Pentagon tests tablet access to secret classified documents

The Pentagon has expanded a pilot program to allow some top officials to access documents with a 'secret' classification using 8-inch tablets. The move follows a similar program that gave some officials access to both 'secret' and 'top secret' classified documents on smartphones. With this program, the government hopes to make it easier for these individuals to access data when out of the office.

The Defense Information Systems Agency announced the expansion of Department of Defense's classified mobility pilot program to cover tablets. The idea here is that some officials need to be able to access classified documents and data while outside of the office, and things like tablets and smartphones are far more convenient than having someone with the right clearance deliver the info in person.

The pilot program originally applied only to smartphones, and for good reason — phones are more convenient to carry around and you're more likely to have one on you wherever you go. Tablets have their own convenience, though, namely in the form of a larger screen that makes it easier to read things that don't scale down easily like PDFs.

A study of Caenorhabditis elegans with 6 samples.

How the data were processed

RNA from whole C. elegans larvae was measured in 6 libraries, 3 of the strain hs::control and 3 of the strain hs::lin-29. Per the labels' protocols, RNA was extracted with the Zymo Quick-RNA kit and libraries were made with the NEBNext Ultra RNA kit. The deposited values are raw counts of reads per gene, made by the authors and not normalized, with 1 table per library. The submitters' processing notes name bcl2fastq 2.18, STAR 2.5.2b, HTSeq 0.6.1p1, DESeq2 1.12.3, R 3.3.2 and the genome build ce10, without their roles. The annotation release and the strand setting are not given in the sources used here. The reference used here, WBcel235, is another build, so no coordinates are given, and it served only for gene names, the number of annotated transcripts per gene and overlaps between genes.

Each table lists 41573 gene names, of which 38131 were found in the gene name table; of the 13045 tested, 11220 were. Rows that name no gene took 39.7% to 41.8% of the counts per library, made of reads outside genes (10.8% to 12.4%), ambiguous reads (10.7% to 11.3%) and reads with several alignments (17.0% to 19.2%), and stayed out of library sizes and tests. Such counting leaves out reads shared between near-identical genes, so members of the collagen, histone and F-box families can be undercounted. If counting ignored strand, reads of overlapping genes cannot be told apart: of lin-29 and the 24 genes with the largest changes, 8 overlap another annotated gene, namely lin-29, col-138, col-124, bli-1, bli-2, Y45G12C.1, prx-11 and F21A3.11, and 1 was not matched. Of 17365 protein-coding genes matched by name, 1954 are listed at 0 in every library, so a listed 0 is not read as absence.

Talking about the expansion, DOD Mobility Portfolio Manager Jake Marcellus said, "We're bringing the mobile device from something you use mostly to consume information from to being able to actually do work on the device." Whereas the smartphones that can be used have a 5-inch screen, the authorized tablets have a larger 8-inch screen.

Department of Defense Chief Information Officer Dr. John Zangardi was the first official to be issued a tablet that can be used to view secret classified documents. Since that first issuing, the agency has given 23 other people the same tablets. When these officials may be allowed to view documents classified 'top secret' using tablets is unclear.